The United States on Tuesday accused Iran of recklessly firing missiles into southern Syria, an area where American troops are operating, but said the missiles did not come close to hitting U.S. forces.
A Pentagon statement called the Monday attack “reckless, unsafe and escalatory.”
The U.S. would not say precisely where the barrage of six missiles landed in relation to U.S. troops, but a spokesman said they were never in direct danger of being hit.
“They were not,” said Col. Sean Ryan, a spokesman for the U.S.-led counter Islamic State coalition in Baghdad. “But anytime anyone just fires missiles through uncoordinated air space it’s a threat.”
Iran said it was targeting Islamic State terrorists it believes were responsible for an attack on a military parade in the Iranian city of Ahvaz on Sept. 22 that killed at least 24 people and wounded more than 60.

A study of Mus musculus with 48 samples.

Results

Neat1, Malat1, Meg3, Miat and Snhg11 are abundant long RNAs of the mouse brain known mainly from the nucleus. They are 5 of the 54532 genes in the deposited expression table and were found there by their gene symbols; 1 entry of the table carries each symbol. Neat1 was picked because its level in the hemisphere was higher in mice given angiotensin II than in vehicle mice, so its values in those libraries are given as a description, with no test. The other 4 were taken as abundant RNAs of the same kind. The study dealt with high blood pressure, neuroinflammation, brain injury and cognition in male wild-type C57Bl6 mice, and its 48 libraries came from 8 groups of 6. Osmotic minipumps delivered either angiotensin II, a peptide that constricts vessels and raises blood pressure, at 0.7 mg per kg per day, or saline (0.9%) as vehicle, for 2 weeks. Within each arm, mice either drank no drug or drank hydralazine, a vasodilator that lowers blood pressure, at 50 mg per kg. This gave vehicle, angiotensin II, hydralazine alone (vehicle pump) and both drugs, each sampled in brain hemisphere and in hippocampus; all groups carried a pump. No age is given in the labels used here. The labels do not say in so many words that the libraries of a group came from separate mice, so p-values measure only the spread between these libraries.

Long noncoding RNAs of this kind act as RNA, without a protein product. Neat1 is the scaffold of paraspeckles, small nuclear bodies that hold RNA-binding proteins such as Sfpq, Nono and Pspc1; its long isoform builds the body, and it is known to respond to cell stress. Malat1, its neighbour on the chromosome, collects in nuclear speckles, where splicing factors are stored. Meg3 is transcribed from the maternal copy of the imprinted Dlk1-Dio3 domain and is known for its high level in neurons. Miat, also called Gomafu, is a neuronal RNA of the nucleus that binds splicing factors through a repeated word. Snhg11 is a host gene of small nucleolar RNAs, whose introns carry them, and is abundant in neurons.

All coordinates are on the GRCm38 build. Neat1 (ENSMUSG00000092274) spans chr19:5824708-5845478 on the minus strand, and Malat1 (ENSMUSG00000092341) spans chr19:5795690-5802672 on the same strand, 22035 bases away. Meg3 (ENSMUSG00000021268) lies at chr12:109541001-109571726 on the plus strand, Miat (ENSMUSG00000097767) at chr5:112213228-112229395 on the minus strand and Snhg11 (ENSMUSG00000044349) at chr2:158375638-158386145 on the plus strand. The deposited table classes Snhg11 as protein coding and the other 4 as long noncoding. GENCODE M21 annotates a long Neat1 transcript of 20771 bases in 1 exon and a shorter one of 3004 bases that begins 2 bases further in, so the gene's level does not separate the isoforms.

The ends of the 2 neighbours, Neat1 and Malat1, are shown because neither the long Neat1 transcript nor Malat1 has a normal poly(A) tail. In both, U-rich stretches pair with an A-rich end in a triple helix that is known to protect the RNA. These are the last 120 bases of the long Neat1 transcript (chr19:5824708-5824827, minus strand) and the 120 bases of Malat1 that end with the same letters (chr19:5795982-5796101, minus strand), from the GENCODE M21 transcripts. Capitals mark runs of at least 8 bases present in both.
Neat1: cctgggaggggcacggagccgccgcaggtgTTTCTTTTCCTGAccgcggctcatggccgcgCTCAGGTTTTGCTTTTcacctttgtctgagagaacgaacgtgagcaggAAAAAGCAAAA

Despite the fact that the Iranians appeared to be attacking a common enemy, Ryan said the missiles were not welcome. “The coalition is not requesting any support. We can handle things ourselves, so we don’t need anyone else firing into our region,” Ryan said, especially since the U.S. was given no warning of the strike.
“Professional militaries like the coalition and the Russian Federation deconflict our operations for maximum safety,” he said. “I can tell you that Iran took no such measures.”
While not apparently aimed at the U.S. or coalition forces, the missiles did carry an anti-American message. One missile shown on Iranian state television bore the slogans “Death to America, Death to Israel, Death to Al Saud,” referring to Saudi Arabia’s ruling family, according to the Associated Press.
Ryan also said Russia’s plan to deploy its S-300 anti-aircraft system to Syria posed no threat to the U.S. due to the deconfliction protocols between the two countries.